She called a spending probe retaliation for her opposition to contract terms for state workers.

TRENTON - The leader of the state workers union sued national Communications Workers of America union leaders in federal court yesterday, alleging they have illegally retaliated against her.

Carla Katz alleges the national officials are pursuing baseless claims against her and smearing her name as revenge for her opposition in 2007 to a state contract.

The contract increased salaries but required higher health and pension contributions from workers.

Katz is the head of Local 1034, the CWA's largest local. It represents 16,000 workers, most of them state employees.

The CWA investigation of Katz stems from allegations by other union members that she misspent union money - such as a $20,800 donation to Newark Mayor Cory Booker - and intervened in a lawsuit that Republicans filed against Gov. Corzine to gain access to e-mails he exchanged with Katz, whom he used to date.

Katz wants the e-mails kept private and contends all spending by the local was proper.

Her lawyer, Paul Fishman, said Katz was fighting for the right of elected union leaders to express views without fear of retaliation.

"The leadership of the union retaliated against Carla because she fought against the ratification of a contract that she believed hurt CWA members," Fishman said. "This pattern of retaliatory conduct left Carla with no choice but to file this suit."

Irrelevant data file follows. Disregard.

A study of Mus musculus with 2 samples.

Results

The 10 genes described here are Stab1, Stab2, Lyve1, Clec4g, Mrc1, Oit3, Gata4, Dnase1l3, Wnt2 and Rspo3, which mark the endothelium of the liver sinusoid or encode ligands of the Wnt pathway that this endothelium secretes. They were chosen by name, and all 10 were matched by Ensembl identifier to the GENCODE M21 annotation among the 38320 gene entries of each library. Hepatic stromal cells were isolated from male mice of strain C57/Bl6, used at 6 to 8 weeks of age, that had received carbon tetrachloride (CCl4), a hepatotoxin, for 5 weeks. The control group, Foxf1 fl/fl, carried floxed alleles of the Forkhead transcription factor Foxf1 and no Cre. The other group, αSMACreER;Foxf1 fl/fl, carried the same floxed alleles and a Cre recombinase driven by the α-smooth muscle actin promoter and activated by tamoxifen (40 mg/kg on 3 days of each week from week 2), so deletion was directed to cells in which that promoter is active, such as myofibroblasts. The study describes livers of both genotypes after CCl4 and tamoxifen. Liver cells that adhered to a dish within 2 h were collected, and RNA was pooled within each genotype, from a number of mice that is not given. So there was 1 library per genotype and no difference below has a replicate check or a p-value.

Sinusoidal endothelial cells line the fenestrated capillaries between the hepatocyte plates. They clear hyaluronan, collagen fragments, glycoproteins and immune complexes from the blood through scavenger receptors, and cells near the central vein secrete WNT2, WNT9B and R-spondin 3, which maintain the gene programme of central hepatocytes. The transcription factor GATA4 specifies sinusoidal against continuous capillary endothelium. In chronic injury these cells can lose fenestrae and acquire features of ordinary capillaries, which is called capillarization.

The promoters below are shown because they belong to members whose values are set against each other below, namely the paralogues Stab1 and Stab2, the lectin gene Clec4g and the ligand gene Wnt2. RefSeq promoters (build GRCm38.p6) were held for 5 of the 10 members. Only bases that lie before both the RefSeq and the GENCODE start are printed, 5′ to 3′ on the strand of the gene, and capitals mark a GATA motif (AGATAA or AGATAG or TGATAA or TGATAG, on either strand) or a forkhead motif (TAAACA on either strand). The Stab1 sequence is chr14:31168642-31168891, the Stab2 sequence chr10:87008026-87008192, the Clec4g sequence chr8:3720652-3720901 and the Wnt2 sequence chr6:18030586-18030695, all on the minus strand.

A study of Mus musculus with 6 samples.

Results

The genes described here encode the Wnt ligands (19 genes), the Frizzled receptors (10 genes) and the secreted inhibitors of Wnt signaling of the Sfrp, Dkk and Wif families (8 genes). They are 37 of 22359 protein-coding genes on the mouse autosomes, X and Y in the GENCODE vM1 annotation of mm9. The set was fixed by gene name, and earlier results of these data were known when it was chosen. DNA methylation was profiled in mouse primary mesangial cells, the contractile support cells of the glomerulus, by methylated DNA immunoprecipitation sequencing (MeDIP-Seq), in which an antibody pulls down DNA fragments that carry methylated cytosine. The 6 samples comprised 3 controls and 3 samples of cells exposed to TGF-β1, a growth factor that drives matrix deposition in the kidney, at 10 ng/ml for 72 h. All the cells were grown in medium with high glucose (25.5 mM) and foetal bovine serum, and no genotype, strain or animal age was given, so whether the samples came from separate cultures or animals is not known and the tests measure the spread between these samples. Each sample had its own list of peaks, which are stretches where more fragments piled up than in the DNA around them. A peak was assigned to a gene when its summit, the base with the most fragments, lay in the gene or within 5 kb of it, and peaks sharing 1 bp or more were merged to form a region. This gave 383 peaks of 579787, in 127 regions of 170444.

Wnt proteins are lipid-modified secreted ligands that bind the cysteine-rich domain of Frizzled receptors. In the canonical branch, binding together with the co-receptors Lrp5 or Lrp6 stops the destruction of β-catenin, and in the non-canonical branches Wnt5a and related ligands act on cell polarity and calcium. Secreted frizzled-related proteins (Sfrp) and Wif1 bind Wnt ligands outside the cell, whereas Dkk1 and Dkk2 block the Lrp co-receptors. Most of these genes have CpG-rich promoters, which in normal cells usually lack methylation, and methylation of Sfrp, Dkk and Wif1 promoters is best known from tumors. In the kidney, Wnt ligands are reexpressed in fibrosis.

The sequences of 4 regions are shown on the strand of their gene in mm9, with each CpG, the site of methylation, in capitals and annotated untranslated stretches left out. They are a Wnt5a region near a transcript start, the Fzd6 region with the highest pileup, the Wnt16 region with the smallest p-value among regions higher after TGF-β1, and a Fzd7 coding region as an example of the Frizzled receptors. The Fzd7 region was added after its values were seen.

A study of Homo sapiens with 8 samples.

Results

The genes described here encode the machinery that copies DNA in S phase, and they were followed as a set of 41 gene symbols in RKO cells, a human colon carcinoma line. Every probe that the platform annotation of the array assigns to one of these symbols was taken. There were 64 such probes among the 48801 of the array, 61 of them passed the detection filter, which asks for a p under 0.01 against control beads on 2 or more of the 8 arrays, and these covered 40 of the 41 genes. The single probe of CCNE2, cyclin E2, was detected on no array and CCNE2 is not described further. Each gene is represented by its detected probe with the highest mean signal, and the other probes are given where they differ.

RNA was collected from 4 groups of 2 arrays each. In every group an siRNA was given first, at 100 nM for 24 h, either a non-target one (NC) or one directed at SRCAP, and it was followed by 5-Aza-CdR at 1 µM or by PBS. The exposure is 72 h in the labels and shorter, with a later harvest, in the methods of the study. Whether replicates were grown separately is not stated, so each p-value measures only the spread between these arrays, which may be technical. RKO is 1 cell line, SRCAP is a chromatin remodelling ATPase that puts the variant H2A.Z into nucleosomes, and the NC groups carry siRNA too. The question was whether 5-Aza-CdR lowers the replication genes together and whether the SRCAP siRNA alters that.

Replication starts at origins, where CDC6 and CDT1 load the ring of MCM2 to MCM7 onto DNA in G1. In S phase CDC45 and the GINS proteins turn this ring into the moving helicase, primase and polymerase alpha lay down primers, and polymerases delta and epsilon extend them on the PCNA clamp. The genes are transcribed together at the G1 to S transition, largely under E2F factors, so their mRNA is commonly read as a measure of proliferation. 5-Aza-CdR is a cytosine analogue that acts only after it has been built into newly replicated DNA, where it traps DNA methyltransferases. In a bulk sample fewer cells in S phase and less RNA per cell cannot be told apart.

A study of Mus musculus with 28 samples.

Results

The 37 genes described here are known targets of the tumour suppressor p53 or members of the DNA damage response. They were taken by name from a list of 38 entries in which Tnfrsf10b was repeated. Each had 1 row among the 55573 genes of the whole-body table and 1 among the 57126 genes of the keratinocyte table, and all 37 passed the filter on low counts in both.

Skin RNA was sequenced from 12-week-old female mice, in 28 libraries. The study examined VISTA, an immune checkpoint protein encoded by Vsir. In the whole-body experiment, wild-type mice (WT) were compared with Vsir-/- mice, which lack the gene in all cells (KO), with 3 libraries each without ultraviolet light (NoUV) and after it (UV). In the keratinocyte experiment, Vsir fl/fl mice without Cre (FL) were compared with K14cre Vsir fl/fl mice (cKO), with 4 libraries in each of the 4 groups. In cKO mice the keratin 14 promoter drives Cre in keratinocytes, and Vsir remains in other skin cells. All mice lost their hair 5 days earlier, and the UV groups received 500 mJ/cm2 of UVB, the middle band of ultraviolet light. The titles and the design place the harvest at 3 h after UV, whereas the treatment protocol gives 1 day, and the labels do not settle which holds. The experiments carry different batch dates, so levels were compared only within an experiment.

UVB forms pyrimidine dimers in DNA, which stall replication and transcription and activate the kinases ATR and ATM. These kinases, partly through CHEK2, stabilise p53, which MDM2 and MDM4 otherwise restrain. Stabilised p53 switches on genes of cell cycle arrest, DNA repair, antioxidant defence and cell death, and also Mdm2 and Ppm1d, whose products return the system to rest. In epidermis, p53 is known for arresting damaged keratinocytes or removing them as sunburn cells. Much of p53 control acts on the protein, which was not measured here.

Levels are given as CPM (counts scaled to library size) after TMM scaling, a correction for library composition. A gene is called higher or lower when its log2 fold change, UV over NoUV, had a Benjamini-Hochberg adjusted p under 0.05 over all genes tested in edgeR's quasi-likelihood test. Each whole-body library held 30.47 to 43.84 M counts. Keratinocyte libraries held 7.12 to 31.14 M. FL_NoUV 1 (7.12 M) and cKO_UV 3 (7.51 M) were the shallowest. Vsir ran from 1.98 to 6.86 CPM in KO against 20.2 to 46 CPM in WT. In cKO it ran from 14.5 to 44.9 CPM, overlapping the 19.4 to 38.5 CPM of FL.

Besides naming national CWA officials, the lawsuit names several regional and local union officials.

CWA District 1 spokesman Bob Master called the lawsuit a "last-ditch maneuver to derail a serious investigation."

"It's very clear what's going on here," he said. "There is an ongoing union investigation of Katz's conduct, and she's trying to stop it, plain and simple."

Katz wants a federal judge to prohibit CWA officials from prosecuting the allegations against her. Her lawsuit also seeks compensatory and punitive damages.

The CWA has appointed an investigator to look into the allegations against Katz.

An April 30 letter from CWA president Larry Cohen to the union's national executive board questions whether Katz approved the Booker donation because of a "close personal relationship" with the mayor.

An unauthorized campaign contribution would break the union's financial-management regulations, which could result in penalties ranging from a fine to suspension or expulsion from the CWA, according to the letter.

Katz is a 26-year CWA member serving her ninth year as Local 1034 president. She is running to be vice president of District 1, which represents more than 190,000 members in 327 locals in New York, New Jersey, New England and eastern Canada.

Katz gained attention during Corzine's successful 2005 gubernatorial campaign when it was revealed she had dated the multimillionaire and that he had paid off the mortgage on her house and had given her other gifts they have refused to disclose.